The Shock and Awe of War
Sunrise Over Fallujah by Walter Dean Myers tells the story of Robin Perry, one ordinary serviceman facing extraordinary circumstances. Nicknamed "Birdy" by his brothers and sisters in arms, Robin forges meaningful relationships despite the horror and pain all around him. Iraq in 2003 is the setting, during the initial days and weeks of the American-led coalition's fight to oust Saddam Hussein. The reader witnesses scenes from the war in Iraq through Birdy's eyes as he gradually becomes more disillusioned with the whole mission.
In discussing the conflict of the book, Sunrise Over Fallujah stands out because of the multi-layered nature of the struggle. Not only are there soldiers facing the literal, deadly conflict of warfare, there is the internal, doubt-riddled turmoil of the protagonist, Robin "Birdy" Perry. Birdy is part of a Civil Affairs unit, charged with generating goodwill between the Iraqi people and the victorious coalition military.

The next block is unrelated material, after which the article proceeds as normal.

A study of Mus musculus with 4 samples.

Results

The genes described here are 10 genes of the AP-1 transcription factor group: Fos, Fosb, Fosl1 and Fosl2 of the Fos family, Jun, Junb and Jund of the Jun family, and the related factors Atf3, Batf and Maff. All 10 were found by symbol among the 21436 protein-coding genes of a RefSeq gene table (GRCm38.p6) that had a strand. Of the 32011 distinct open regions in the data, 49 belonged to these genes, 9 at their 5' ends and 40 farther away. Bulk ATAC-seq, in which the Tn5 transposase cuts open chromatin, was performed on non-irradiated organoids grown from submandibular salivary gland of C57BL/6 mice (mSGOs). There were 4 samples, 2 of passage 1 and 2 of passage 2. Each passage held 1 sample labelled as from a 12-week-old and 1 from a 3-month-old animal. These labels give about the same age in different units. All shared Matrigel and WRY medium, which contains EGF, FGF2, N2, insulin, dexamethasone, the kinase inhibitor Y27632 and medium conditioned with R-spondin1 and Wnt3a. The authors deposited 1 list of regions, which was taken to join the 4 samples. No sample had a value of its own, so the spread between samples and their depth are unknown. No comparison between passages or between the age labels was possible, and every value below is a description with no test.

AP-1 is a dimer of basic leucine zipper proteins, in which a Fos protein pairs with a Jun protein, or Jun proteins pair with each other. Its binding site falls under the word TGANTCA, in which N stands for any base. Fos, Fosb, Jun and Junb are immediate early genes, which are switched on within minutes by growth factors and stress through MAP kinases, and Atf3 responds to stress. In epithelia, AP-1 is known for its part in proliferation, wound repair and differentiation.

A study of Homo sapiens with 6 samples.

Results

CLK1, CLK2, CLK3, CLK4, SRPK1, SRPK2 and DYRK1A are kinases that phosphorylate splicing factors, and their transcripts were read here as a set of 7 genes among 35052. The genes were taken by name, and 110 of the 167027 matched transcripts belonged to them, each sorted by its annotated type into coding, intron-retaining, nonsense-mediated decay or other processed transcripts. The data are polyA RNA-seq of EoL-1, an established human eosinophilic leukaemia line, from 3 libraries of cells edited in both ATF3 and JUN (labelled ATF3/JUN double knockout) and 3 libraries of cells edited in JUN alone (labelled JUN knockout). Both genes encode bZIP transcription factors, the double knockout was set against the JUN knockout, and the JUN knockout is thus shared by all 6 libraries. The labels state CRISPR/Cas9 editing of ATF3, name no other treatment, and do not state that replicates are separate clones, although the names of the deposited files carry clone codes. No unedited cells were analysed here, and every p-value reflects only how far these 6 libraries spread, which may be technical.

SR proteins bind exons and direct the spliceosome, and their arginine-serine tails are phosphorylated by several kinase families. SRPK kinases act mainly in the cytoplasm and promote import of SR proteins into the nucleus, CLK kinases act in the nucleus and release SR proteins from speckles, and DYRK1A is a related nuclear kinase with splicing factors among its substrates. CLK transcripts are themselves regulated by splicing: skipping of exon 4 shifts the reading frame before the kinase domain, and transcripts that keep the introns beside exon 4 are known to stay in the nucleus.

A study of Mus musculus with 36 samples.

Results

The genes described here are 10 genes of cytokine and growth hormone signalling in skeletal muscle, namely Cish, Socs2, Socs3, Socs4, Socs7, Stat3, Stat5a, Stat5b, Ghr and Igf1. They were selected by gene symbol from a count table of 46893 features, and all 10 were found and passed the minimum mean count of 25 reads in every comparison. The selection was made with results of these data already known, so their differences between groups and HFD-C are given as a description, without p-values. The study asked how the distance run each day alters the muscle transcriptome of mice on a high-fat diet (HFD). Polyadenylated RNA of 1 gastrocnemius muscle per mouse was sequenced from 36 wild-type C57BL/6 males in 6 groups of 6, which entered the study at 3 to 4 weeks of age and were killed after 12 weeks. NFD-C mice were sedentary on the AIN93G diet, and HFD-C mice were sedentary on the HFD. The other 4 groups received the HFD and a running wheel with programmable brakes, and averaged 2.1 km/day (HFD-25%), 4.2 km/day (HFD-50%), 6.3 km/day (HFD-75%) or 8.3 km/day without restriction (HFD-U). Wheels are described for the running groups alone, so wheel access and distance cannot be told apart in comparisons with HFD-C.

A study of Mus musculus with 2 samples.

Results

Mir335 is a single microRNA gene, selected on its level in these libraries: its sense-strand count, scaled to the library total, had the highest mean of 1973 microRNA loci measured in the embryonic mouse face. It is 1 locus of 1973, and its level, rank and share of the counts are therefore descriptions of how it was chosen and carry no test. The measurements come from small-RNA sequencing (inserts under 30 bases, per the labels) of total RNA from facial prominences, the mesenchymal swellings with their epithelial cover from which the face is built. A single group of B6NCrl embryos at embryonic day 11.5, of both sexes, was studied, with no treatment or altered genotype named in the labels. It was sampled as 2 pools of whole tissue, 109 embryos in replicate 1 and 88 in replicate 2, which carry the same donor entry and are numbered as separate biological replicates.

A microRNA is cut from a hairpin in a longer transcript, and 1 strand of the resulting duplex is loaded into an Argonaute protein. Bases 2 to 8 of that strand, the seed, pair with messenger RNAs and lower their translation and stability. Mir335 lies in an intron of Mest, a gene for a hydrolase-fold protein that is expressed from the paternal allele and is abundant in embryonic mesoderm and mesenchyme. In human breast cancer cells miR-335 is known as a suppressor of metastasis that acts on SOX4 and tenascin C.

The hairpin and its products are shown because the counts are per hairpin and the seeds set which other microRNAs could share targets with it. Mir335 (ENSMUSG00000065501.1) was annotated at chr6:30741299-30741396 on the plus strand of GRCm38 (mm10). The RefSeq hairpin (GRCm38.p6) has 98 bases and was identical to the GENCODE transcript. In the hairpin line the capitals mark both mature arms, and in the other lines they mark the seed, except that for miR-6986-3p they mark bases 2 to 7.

As the weeks pass, the mission of his unit becomes muddled. They are called away on a variety of "extracurricular" activities, engaging in more and more combat operations. Near the end of the book they are used as pawns to solidify the position of a Special Forces unit near Iran.
Birdy makes battlefield friends with several members of his unit. Jonesy, a blues man from Georgia, becomes Birdy's best friend. He develops a crush on Marla Kennedy, a streetwise girl from Long Island. Captain Coles, the unit's leader, keeps a cool head during crisis situations, a quality that Birdy admires.
Birdy and his comrades know that their friendships are tenuous, borne out of fear and isolation as much as anything else. They realize that back in the United States, they likely would not move in the same circles. However, the bonds they form are built on absolute trust and dedication.